Footwear exports from Spain grew by 12.4 percent in value during the first half of this year, as compared to the same period of 2012. At €1,154 million, they reached the highest level in at least 15 years, slightly overtaking a previous peak of €1,119 million for the first half of 2001. In particular, exports of leather shoes increased by 13.5 percent, accounting for 59.7 percent of the total export turnover.
In terms of volume, Spanish exports dropped by 0.14 percent to 74.74 million pairs between January and June. While noting that the volume of leather shoe exports continued to go up by 12 percent, reaching 23.87 million pairs, Fice, the Spanish shoe industry association, said that the overall drop was due to unusually high levels of low-priced footwear that was exported to Poland and Hungary in the first months of 2012. They have since returned to more normal levels.
On the other hand, overall, shoe imports resumed their growth, after a pause. They rose by 6.7 percent in volume and by 0.7 percent in value, although imports of leather shoes went down. Imports from China went up by 7 percent in value but fell by 1 percent in volume. The opposite trend took place with regard to Vietnam – up by 13.3 percent in pairs and down by 3 percent in value. Imports from Italy, France, India, Brazil and Indonesia declined. In spite of the new trends, there was still a positive trade balance of €174 million for the sector at the end of the six-month period.
Most of the new export growth is taking place outside the European Union, where consumers are more reticent to spend more on footwear. Sales of Spanish shoes outside the EU rose by 22.4 percent in volume and by 21.2 percent in value.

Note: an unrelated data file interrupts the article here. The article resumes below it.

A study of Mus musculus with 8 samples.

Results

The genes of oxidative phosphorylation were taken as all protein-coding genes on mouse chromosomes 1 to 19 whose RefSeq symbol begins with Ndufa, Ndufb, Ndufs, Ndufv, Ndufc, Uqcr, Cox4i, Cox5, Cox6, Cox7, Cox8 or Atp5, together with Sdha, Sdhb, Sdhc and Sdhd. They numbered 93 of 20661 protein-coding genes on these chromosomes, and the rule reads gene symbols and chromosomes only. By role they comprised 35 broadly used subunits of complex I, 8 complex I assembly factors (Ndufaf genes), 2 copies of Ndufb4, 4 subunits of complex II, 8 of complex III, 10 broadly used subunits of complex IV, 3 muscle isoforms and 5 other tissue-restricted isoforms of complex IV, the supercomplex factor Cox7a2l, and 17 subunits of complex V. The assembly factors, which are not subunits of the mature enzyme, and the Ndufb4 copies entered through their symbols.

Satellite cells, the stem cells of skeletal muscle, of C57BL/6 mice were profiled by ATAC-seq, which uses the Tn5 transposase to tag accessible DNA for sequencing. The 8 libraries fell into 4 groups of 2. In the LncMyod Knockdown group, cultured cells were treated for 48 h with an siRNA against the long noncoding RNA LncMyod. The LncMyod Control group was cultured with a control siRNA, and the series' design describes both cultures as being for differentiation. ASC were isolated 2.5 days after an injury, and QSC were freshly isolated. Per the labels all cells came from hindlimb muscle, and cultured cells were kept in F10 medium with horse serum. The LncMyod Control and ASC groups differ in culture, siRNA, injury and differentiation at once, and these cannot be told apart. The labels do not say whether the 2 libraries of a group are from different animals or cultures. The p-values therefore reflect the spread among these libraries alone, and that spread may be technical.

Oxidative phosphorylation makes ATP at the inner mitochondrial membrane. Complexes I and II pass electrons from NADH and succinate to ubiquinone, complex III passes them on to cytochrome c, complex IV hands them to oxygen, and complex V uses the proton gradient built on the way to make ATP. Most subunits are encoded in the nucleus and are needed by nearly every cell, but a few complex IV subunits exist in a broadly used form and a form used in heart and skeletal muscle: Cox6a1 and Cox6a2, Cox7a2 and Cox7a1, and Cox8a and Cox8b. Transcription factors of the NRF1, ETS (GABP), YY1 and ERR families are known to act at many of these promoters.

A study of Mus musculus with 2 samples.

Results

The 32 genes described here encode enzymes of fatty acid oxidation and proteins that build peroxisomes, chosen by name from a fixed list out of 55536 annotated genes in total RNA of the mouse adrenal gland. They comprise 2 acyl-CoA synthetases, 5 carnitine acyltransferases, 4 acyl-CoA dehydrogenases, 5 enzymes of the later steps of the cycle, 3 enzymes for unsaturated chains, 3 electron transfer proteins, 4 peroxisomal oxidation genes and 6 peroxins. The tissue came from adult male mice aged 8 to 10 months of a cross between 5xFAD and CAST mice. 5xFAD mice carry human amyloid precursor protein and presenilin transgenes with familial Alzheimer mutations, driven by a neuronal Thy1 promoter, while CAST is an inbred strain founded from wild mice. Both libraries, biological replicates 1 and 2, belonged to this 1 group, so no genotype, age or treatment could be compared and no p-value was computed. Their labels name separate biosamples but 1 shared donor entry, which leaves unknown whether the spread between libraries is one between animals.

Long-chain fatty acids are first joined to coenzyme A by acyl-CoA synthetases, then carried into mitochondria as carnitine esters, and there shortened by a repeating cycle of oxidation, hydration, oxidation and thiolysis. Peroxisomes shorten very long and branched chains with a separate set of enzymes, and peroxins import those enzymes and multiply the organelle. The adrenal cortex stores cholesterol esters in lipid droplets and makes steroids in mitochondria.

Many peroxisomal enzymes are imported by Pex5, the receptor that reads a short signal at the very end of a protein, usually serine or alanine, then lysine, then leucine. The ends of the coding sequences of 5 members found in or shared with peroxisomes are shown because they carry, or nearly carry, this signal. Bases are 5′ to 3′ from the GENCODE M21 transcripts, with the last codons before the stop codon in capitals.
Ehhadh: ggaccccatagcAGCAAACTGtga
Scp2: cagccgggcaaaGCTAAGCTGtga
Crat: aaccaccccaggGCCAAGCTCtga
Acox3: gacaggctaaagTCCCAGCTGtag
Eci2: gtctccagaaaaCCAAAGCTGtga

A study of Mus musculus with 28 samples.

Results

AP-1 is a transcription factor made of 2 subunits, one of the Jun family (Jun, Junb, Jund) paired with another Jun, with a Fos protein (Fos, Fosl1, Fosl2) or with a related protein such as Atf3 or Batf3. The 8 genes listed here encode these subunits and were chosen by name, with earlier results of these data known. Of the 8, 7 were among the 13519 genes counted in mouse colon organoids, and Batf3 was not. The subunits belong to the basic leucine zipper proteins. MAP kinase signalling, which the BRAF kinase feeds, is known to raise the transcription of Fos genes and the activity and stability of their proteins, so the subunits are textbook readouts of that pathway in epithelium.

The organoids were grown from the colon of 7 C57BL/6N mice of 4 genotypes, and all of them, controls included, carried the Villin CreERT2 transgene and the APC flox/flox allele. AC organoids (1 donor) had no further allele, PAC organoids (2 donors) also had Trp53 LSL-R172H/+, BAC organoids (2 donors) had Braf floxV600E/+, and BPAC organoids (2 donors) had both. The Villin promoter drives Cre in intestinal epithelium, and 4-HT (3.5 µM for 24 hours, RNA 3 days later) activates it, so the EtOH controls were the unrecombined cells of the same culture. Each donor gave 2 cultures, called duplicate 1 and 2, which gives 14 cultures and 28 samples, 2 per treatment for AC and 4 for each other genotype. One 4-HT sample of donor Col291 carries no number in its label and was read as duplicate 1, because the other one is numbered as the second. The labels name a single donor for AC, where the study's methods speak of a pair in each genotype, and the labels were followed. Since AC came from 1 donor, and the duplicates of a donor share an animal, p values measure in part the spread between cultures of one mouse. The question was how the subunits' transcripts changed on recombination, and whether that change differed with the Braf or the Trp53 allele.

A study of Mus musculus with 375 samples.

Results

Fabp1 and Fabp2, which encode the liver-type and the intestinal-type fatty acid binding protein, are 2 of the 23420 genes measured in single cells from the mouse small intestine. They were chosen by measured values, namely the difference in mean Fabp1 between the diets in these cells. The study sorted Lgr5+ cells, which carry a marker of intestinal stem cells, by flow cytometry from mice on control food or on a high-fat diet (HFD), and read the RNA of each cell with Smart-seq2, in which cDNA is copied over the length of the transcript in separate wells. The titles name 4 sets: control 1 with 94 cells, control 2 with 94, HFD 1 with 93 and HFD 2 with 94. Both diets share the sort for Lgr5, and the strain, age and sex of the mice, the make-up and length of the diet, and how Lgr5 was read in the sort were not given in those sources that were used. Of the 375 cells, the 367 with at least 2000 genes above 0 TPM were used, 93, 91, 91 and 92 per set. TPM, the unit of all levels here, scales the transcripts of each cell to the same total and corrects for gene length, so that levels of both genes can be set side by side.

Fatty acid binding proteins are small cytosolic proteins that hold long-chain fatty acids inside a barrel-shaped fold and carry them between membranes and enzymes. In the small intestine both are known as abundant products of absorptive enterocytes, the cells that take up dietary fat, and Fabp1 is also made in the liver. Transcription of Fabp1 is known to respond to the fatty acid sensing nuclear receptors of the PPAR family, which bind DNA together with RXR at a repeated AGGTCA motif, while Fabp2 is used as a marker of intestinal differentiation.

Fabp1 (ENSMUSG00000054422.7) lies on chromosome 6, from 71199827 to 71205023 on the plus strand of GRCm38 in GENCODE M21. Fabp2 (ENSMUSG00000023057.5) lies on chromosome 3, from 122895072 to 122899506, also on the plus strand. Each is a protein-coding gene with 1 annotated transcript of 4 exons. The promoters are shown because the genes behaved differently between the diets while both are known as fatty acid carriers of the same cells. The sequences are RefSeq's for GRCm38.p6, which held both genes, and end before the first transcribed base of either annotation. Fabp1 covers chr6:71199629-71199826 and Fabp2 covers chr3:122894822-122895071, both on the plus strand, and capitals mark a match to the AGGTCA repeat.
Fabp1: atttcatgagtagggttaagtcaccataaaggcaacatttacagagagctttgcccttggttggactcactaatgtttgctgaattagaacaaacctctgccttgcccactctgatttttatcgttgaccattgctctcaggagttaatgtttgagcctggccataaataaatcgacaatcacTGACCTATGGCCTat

The U.S. remained the major destination for Spanish footwear outside the EU, and exports to that country increased by 29 percent in volume and by 17 percent in value. In Canada, they rose by 43 percent and 32 percent, respectively.
Double-digit increases were also recorded in Japan – up by 19 percent in volume and by 21 percent in value – and in many emerging markets led by Russia and China, which ranked 10th and 14th on the list of the major destinations. Sales grew in Russia by 24 percent in volume and by 47 percent in value. In China, they rose by 58 percent in volume, but they increased in value by only 29 percent to €17.5 million. At while the average export price in China was still high at €37.39 per pair, compared with a global average of €15.44.
Other big increases were scored in Turkey, the United Arab Emirates, Saudi Arabia, South Korea, Hong Kong, Singapore, Chile, Brazil and Colombia. In those three Latin American markets, Spain's shoe exports reached a combined volume of 8.1 million pairs.
With a total value of €852 million, the EU still represented 74 percent of Spanish shoe exports, which rose in the region by 9.5 percent in euros, but fell by 5.3 percent in volume. In France, where they had fallen in the first half of 2012, they increased by 9 percent in volume and by 7.6 percent in value in the first six months of 2013, representing 22 percent of all Spanish exports.
In Italy, which ranks as second-largest buyer of Spanish footwear after France, there was a first-time drop of 2.3 percent in volume and 1 percent in value. In Germany in contrast, after falling by 10 percent in the first half of 2012, exports of shoes from Spain went up by 15 percent in pairs and by 11 percent in value. Strong growth rates of 42 percent in pairs and 36 percent in value were recorded in neighboring Portugal. Sales in the U.K. rose by 6 percent in volume and by 14 percent in value.